Palm Coast has two very popular residents known to Historic City News readers as “Romeo” and “Juliet” — two adult American bald eagles who have been returning to the same nest, which is estimated to be about seven-years-old, about 80′ high atop the Flagler County slash pine trees.
In late August or early September, the eagle pair usually returns to this nest to begin their nesting cycle; which includes bonding, mating, nest-orations, egg-laying, incubation, hatching, and raising their brood until their youngsters fledge and are able to fend for themselves.
“This year, thanks to remote webcam technology at the northeast Florida eagle nest, we were able to share the ritual with thousands of interested bird watchers around the globe,” a spokesman for the American Eagle Foundation told local Historic City News reporters. “Juliet laid her first egg November 14th, followed by the second one on November 17th.”
The new chicks, named “Samson” and “Delilah”, were right on schedule to hatch before Christmas; Delilah hatched at 4:26 p.m. December 20, 2013, and Samson hatched at 12:08 a.m. December 23rd before an anxious and excited audience over the worldwide web. Although nobody has forgotten the parents, the attention has focused on the still-furry chicks that will, one day, grow to be America’s national symbol.
Eagle nests are protected by federal law. The American Eagle Foundation was given the special privilege of placing their cameras and equipment onsite at the nest which is on private property.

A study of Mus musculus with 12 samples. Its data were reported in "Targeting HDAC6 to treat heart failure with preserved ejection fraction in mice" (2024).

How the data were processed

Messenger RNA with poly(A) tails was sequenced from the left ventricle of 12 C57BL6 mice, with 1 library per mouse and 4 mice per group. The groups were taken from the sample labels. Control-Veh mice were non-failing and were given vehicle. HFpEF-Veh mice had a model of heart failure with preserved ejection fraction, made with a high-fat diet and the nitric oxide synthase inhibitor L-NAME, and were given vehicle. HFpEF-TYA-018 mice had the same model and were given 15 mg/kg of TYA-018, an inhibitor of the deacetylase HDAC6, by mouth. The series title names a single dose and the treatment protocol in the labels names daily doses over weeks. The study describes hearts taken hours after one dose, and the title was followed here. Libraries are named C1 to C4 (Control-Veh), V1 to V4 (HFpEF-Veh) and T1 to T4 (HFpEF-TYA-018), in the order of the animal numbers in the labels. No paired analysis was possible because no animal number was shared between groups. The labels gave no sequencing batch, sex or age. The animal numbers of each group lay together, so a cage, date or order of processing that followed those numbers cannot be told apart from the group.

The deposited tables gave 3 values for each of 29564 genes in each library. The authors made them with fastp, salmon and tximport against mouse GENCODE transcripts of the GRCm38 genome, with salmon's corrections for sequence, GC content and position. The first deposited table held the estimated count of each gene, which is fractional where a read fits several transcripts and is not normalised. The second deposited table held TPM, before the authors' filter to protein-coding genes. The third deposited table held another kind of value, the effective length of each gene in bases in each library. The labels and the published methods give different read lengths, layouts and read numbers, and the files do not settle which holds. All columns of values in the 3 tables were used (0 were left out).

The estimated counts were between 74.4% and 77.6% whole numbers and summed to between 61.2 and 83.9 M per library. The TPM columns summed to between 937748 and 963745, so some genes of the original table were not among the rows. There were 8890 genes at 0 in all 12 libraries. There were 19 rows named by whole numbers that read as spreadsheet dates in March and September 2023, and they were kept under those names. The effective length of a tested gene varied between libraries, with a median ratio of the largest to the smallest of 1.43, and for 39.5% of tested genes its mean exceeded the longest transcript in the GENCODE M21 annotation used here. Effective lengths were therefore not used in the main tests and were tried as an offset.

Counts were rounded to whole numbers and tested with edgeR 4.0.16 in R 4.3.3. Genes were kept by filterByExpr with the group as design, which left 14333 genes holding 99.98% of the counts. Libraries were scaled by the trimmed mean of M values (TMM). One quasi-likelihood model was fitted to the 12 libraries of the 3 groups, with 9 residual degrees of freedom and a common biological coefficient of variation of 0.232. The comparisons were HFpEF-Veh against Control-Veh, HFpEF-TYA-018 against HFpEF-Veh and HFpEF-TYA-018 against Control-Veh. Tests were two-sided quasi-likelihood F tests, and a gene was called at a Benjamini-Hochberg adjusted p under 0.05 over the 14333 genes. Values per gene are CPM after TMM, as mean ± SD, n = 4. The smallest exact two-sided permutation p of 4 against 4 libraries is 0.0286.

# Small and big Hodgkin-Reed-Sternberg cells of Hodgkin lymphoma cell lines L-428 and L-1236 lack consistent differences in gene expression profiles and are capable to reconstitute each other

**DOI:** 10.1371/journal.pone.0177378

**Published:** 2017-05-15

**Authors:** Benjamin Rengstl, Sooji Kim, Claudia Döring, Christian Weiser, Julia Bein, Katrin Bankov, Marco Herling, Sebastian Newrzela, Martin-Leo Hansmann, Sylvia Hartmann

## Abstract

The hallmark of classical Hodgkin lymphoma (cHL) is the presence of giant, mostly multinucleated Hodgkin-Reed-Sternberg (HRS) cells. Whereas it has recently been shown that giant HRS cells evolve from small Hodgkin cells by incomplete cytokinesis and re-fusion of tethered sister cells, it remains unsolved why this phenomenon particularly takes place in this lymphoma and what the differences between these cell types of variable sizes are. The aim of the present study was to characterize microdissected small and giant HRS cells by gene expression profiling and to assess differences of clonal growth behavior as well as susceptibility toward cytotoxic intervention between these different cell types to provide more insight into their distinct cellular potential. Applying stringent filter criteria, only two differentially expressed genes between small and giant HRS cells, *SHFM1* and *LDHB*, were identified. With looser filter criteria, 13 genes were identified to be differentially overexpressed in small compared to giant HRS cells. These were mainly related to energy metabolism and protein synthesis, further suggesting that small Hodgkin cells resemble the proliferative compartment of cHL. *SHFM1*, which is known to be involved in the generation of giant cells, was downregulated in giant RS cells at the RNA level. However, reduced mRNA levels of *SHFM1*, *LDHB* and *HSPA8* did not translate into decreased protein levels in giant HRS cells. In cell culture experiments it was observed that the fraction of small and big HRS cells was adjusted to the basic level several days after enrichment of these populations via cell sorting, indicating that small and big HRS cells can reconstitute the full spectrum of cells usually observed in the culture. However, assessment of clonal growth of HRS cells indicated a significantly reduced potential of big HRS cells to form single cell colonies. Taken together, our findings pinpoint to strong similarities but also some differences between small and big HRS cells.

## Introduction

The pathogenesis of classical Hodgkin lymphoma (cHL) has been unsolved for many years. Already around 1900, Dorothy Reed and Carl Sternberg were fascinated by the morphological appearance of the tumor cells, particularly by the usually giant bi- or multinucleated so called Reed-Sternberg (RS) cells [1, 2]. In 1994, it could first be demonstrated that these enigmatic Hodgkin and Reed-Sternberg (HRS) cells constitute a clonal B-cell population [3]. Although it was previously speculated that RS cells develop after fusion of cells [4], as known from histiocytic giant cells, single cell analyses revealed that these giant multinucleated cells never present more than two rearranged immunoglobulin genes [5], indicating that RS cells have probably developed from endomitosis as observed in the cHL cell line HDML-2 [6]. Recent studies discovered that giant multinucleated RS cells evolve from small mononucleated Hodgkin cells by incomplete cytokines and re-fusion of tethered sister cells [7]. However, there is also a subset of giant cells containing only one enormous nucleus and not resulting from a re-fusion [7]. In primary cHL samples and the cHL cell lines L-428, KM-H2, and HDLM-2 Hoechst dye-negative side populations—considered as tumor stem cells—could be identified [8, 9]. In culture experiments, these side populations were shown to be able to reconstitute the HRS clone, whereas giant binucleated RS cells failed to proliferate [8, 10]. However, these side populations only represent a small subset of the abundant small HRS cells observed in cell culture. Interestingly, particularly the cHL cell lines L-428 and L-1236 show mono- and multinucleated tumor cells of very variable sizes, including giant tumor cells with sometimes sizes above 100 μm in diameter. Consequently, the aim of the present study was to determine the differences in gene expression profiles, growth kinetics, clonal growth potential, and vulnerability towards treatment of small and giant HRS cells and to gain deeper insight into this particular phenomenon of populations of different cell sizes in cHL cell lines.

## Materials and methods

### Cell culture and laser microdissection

The City of St Augustine may lack the technology (or money?) to bring City Commission meetings to the public, however, under strict agreement with the property owners to never disclose the location of the nest, and, more importantly, to protect the resident eagles and their nest tree, on October 1, 2013, the American Eagle Foundation began providing “live video streaming” from the wild eagle nest.
The live video stream focuses on the nest tree and its canopy, and if you happen to be watching at the right moment, you may catch Romeo or Juliet flying to the nest tree. You will be able to recognize the Dad Eagle, “Romeo”, by the black “liner” around his eye. The
Mom Eagle, “Juliet”, is larger than Dad and has fluffier head feathers.
Historic City News would be remiss if we did not caution our readers that the eagles you are viewing on this webcam are wild birds and anything can happen in the wild. The Foundation does not interfere or intervene; allowing nature to take its course. You’ll see life and you might see death, but this is real nature in action. Please be advised that this is a live feed of a natural bald eagle nest. Eagles feed on small mammals and fish, therefore the actions of the eagles in this video feed could occasionally contain graphic content. Not all content may be appropriate for all viewers.
Mom and Dad typically remain in the nest area for 30-45 days after their young have fledged and migrated; enjoying some well-deserved time alone together in their special Florida habitat. Then, Dad will head north for cooler, less humid climates first, and Mom will leave several days later. The following breeding season, they return like clockwork and start their nesting, mating, and family-raising process all over again.
Through the years, the nest has grown considerably in size and weight — likely weighing close to a ton at this time.